Unhealthy lifestyles are contributing to a rise in cases of cancer around the world, according to new research from the World Cancer Research Fund (WCRF). The analysis evaluated evidence spanning decades and found a link between obesity and 12 different cancers.
WCRF unveiled its Third Expert Report on Thursday at the European Congress on Obesity in Vienna. Led by Imperial College London, researchers assessed all published literature about associations between cancer, physical activity and diet. The studies covered 51 million people, 3.5 million of whom were diagnosed with cancer, making the new report the largest global analysis of cancer causes to date.
WCRF’s second expert report, released ten years ago, found a link between obesity and seven different cancers, but that number has been raised to 12 today. These include cancers of the mouth and throat, stomach, oesophagus, liver, bowel, gallbladder, kidney, pancreas, ovary and womb. Obesity was also linked to advanced prostate cancer and post-menopause breast cancer.
Researchers said that since 2007, the amount of “very strong evidence” connecting cancer to unhealthy lifestyles had increased, leading them to make stricter recommendations in the latest report.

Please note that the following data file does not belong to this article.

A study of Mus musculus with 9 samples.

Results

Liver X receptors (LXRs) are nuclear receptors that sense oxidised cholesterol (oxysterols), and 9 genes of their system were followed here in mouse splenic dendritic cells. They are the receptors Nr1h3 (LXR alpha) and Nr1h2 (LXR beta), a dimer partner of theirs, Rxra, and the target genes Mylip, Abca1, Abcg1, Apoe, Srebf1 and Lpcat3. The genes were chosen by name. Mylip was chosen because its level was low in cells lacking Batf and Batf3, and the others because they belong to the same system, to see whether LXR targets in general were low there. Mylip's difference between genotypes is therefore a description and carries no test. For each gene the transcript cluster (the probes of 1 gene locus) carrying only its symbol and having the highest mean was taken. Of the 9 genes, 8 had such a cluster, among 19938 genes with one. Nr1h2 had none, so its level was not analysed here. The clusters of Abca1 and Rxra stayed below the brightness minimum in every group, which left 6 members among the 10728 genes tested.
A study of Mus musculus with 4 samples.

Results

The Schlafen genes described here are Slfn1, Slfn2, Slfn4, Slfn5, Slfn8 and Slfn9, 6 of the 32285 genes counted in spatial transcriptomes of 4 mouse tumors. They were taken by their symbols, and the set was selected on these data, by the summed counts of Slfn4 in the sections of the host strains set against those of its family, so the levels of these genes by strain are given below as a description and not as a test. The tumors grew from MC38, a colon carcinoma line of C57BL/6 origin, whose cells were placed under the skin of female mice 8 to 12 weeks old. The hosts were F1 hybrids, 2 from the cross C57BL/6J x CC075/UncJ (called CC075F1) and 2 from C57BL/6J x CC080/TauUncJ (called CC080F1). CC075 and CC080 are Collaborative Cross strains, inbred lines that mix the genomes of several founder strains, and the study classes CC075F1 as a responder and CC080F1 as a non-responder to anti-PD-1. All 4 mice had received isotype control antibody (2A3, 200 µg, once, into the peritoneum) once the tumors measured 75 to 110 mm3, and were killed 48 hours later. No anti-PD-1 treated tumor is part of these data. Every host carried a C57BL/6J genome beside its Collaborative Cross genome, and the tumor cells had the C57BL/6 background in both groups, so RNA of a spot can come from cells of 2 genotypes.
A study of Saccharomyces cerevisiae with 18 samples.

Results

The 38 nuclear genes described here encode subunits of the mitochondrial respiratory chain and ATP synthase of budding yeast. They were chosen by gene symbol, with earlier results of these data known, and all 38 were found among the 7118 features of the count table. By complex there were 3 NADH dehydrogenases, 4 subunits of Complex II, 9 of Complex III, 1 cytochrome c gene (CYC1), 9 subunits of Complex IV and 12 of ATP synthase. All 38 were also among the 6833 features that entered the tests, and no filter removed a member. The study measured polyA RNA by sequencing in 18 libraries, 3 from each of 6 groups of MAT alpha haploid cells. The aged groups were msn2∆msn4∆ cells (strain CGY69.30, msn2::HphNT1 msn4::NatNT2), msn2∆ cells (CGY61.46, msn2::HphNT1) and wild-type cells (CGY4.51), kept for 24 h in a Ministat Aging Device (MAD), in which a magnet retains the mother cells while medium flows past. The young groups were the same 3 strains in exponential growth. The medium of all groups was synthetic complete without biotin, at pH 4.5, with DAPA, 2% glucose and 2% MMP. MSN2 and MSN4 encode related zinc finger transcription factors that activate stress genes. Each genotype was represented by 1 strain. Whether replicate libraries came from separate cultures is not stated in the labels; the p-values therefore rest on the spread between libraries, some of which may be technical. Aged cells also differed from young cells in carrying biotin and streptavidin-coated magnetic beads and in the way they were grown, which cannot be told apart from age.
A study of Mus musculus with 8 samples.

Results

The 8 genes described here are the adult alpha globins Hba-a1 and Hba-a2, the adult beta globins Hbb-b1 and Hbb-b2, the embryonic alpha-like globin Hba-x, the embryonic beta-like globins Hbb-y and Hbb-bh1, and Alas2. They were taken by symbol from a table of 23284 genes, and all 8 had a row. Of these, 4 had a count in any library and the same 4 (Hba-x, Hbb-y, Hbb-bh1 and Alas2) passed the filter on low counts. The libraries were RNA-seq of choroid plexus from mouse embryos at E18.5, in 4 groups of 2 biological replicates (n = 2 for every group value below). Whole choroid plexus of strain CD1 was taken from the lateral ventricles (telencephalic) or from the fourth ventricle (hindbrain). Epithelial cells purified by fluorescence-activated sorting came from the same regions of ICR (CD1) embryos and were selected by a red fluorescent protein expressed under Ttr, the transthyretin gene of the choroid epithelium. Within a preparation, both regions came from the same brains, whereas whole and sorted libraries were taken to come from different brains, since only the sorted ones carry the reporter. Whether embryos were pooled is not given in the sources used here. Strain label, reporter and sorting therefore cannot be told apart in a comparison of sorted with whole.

“Avoiding tobacco in any form, together with appropriate diet, nutrition and physical activity, and maintaining a healthy weight, have the potential over time to reduce much of the global burden of cancer,” the report states.
The report recommended reducing time spent on smartphones and computers and fitting in at least 45 minutes of moderate exercise every day – especially for those who have sedentary jobs.
In order to cut cancer risk, WCRF also recommended avoiding all alcohol, processed meats and sugary drinks.
“Our research shows it’s unlikely that specific foods or nutrients are important single factors in causing or protecting against cancer,” said Dr Giota Mitrou, WCRF’s director of research funding and external relations. “Rather, different patterns of diet and physical activity throughout life combine to make you more or less susceptible to cancer.”
Experts welcomed the findings, but said the occasional unhealthy snack would not cause serious harm.
“A bacon butty or glass of wine every so often isn’t anything to worry about, it’s the things you do every day that matter most,” said prevention expert Professor Linda Bauld of Cancer Research UK. “Building small changes into your daily life, like choosing sugar-free drinks or walking more, can add up to a big difference for your health.”
The report warned that if current trends continue, being obese or overweight is expected to surpass smoking as the top risk factor for cancer.
Cancer currently causes around one in six deaths worldwide, a figure that is projected to increase, according to the report. By 2035, new cases of cancer are expected to reach 24 million globally – a 58% increase. Although home to only an eighth of the world’s population, Europe accounts for a quarter of global cancer cases with around 3.7 million new patients each year.